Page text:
Author Interview with Dan Richards

unnamedGet to know Dan…

Dan has been writing poetry, songs and stories for as long as he can remember. He is a graduate of the University of Washington Writing For Children Program where he wrote his debut picture book THE PROBLEM WITH NOT BEING SCARED OF MONSTERS. Dan lives with his wife, two children and their golden doodle in Bothell, WA. For more information, please visit his website

Quirky Questions

What would complete your outfit right now?

A set of dancing penguins from Mary Poppins. And penguin pants. Penguin pants are cool. 

How do you feel about small talk? Love or hate?

I like small talk though I like tiny talk better. Microscopic talk is the best. Like when I talk to ants. Or even smaller ants. 

Where is the most beautiful place you’ve ever been?

I once climbed 998 steps to the top of a hill in Southern China to watch the sun rise over the rice fields. I felt like I had been transported to land of the lost. Which might explain why we couldn’t find our way back to the hotel.  

What is the oldest thing you own? Where did you get it?

I have a lot of agates in my house that were collected by my mother during her lifetime. Rocks made her happy. Happy rocks. 

Writing Questions

What words of inspiration were given to you that you would like to pass along to others?

The only thing we have to fear is fear itself. Unless you’re a writer, in which case you also have criticism, rejection and the likelihood of total failure. In my experience, as long as you are scared you’re doing something right.

When did you realize that you had a gift for writing?

When I realized I didn’t have a gift for art, music, drama, sculpture, architecture, woodworking, public speaking, politics, engineering, math, science or sports. It came down to sales or writing. I immediately went into sales.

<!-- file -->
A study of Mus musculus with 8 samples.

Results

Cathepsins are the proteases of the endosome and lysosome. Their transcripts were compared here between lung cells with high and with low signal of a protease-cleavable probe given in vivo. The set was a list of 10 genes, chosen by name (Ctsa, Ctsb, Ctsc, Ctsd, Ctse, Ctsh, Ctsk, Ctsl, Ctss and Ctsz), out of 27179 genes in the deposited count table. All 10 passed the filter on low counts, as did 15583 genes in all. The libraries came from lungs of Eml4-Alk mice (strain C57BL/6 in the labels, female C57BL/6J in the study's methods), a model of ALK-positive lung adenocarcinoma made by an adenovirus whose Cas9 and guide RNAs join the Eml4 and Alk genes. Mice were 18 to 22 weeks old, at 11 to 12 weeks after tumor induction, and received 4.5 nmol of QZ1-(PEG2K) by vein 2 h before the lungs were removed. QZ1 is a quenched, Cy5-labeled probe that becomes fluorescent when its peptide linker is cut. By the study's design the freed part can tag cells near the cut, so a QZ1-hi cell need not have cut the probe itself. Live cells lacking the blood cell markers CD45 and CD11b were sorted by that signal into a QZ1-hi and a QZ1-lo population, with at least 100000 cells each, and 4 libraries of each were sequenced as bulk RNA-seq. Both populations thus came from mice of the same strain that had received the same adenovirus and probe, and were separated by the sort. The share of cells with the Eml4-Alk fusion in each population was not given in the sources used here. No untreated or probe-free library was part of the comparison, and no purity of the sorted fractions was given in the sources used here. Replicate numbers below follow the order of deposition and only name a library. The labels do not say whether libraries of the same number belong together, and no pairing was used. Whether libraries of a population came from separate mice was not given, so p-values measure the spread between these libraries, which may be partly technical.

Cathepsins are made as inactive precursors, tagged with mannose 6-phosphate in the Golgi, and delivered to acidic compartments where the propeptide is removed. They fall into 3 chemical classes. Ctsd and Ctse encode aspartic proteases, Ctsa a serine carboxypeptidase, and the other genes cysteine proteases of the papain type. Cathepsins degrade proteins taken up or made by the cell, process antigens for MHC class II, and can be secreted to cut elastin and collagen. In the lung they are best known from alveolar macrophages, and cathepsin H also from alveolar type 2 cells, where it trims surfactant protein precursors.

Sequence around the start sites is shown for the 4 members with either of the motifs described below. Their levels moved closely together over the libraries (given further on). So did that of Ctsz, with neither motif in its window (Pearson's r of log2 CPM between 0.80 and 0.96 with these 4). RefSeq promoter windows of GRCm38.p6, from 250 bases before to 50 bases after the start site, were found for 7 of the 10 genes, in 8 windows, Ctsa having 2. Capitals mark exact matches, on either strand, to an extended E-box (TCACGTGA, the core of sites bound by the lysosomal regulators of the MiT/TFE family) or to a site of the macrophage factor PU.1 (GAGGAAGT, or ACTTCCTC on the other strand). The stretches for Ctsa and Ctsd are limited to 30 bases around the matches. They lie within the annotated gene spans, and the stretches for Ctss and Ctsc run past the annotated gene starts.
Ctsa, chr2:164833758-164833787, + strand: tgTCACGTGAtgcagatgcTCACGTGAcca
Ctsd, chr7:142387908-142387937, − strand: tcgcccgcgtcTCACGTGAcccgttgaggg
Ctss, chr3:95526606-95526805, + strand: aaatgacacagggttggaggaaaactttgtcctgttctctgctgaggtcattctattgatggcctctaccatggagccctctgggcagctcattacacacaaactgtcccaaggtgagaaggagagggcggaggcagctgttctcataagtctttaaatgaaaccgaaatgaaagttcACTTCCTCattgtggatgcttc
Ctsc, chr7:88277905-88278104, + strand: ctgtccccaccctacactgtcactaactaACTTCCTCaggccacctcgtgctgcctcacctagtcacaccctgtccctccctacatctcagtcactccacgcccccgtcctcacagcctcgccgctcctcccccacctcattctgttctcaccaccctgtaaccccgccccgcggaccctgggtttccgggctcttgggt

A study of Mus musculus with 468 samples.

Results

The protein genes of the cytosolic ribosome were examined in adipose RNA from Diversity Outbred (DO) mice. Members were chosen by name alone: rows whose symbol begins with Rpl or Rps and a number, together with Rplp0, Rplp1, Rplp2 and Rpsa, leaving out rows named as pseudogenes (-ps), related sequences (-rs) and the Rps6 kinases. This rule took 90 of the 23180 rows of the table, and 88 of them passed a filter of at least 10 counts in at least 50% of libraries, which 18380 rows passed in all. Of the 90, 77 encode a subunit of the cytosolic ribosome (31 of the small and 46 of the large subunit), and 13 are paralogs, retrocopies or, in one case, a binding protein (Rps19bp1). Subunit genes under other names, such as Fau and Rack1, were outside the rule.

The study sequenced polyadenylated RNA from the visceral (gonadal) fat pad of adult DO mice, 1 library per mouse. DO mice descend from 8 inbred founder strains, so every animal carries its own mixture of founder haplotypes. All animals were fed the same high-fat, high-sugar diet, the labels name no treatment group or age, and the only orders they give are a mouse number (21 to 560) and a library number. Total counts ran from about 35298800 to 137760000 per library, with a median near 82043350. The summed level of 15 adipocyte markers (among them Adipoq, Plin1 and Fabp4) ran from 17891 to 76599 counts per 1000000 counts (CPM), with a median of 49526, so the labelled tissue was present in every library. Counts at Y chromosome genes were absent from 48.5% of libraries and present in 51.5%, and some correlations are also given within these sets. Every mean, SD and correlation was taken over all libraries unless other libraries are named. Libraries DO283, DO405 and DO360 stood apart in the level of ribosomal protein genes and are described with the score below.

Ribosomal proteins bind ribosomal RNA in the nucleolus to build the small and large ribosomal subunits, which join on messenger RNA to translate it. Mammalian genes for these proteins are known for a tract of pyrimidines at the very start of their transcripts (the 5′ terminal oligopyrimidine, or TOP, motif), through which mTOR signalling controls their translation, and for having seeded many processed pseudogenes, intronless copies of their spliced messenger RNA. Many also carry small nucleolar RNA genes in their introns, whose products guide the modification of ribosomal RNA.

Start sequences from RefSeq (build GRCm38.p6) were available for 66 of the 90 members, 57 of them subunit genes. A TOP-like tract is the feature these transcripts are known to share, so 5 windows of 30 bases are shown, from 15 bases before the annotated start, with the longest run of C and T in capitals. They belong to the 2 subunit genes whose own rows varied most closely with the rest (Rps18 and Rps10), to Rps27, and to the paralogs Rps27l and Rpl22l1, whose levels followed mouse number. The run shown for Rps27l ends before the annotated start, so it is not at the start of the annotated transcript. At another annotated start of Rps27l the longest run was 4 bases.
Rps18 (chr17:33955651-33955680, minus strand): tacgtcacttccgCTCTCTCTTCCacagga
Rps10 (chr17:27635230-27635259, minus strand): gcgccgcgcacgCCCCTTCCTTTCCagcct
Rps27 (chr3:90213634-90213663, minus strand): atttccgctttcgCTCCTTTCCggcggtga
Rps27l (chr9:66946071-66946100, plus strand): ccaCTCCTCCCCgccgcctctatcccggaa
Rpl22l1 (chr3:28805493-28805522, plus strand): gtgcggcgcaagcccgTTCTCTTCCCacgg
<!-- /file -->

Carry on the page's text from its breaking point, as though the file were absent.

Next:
Do you have family members who like to write too?

I have two children who are both excellent creative writers. Unfortunately, essays are the writing of choice in school these days. Hopefully once they finish analyzing the world to death they’ll rediscover the sense of wonder lying dormant on the other side of their brains. One can only hope.

Which of your books gives you the most pride or satisfaction?

THE PROBLEM WITH NOT BEING SCARED OF MONSTERS at the moment. It’s my debut picture book. I wrote the manuscript while attending the University of Washington Writing For Children Program. It helped me get my first agent. And I’ve had a blast working with Rebecca Davis, my editor at Boyds Mills Press. The book may not change the world but it sure has changed my life.

How do you deal with creativity blocks?

I reach into my writing tool belt, pull out my chisel of imagination and my hammer of desire and start chipping away until either the block breaks or I do. So far it’s been the block.

Do you feel that you chose your passion, or did it choose you?

I’ve had a high need to be creative ever since I was a child. When I was little we lived where there were no other kids to play with. I don’t remember ever feeling lonely. I had all the imaginary playmates needed to do battle, go adventuring and keep myself occupied through childhood. I don’t remember a time when I wasn’t creating either songs or stories.

Is there a particular place where you feel most creative?

Any place I find myself without a pen, paper, or computer handy. I’m pretty sure my imagination waits until I’m driving, showering or taking a nap to spring the best ideas. My imagination can be such a child.

How much of your own life is reflected in your work?

None of it and all of it. I don’t know. Creativity is such strange magic. Some things seem to parallel past experiences but most of it seems to come from someplace else. I don’t write as therapy. I don’t write to change the world. But I do write to discover. And I do find writing to be a spiritual experience, even if what I’m writing seems silly or inconsequential on the surface. Somehow, something deeper always rises. I love that. And I cherish every word that makes its way onto the page. Every word matters.